Load the main program. You should see the time and date on the display after the 10 second bootloader time. If not, check your connections.
You can use the UP and DOWN buttons to adjust the hour for daylight savings time.
You can use the SELECT button to turn on or off the LCD backlight (useful for night time use). If you want a different color display, the RGB shield provides 8 different colors noted in the code.
Since the buttons are only polled every second, the buttons may not seem to register easily. Press and hold for a second and the desired function should happen.
The combination of Trinket and the RGB LCD Shield is a good combination for display and input. There is enough code space to hook a number of sensors for real-time readout. If you believe the shield form factor is not ideal, use of the LCD with the I2C backpack is a good combination. See the tutorial for the Trinket Ultrasonic Rangefinder as an example.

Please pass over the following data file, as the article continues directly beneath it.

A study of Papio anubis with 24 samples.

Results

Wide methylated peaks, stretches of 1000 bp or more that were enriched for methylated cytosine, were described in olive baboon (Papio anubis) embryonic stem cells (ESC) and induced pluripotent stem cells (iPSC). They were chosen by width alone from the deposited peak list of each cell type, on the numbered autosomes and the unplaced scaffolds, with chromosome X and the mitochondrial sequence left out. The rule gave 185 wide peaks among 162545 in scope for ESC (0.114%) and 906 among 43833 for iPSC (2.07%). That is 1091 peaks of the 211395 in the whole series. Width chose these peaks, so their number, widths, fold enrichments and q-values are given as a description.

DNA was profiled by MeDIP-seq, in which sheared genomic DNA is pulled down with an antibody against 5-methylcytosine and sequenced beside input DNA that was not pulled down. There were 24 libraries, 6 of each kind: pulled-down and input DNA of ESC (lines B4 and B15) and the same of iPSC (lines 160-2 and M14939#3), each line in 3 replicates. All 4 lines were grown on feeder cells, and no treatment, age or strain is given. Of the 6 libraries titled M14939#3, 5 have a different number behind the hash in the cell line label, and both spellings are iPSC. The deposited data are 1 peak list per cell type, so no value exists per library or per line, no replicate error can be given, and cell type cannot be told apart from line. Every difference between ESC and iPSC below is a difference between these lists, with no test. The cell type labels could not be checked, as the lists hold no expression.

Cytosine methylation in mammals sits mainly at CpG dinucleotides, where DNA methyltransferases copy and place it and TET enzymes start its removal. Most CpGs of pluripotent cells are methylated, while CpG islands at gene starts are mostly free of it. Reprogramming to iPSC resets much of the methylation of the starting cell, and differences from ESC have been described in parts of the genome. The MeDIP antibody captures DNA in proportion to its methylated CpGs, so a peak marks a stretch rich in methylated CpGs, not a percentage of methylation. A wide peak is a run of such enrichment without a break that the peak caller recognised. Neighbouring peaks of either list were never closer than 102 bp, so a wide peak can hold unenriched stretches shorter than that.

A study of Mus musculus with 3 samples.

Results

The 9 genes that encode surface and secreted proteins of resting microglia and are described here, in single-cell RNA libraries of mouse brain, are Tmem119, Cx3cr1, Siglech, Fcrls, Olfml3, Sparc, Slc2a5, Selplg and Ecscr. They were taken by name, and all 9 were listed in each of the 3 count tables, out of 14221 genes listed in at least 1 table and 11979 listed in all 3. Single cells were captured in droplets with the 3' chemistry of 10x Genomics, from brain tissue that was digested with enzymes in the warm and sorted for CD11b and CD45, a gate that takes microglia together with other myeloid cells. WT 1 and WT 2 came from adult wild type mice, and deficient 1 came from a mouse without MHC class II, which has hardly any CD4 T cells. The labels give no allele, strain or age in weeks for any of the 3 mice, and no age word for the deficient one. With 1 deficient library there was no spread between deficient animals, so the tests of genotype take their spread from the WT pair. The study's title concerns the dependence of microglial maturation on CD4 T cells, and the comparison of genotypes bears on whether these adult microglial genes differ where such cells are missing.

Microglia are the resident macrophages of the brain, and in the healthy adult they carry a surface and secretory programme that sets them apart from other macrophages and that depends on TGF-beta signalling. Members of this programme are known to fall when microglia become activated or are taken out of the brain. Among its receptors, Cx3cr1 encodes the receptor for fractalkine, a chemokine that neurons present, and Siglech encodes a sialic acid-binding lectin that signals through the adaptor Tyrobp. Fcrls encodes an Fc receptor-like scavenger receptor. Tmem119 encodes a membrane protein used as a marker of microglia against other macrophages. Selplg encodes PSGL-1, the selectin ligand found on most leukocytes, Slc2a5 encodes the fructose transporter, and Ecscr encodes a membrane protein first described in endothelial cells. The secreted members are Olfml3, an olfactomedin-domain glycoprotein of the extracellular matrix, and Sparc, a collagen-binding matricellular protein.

The combination of the Trinket, display, and DS1307 clock makes for some trade-offs for projects. The amount of code space is limited to 5,310 bytes so you can easily go over if you include too many display or clock function calls. Even updating the real-time clock with RTC.adjust takes precious code, hence the use of an offset in the program here. The same with alarm functionality. Code optimization is crucial: use of floating point numbers is probably not possible. Use of signed integers even adds code. If you have heavy code, moving up to Arduino Uno might be necessary. Trinket provides a significant benefit in terms of cost and size if your project can fit in the code space available.
If you want a more precise clock, you can swap the DS1307 for a Chronodot, its code-compatible and is ultra-precise!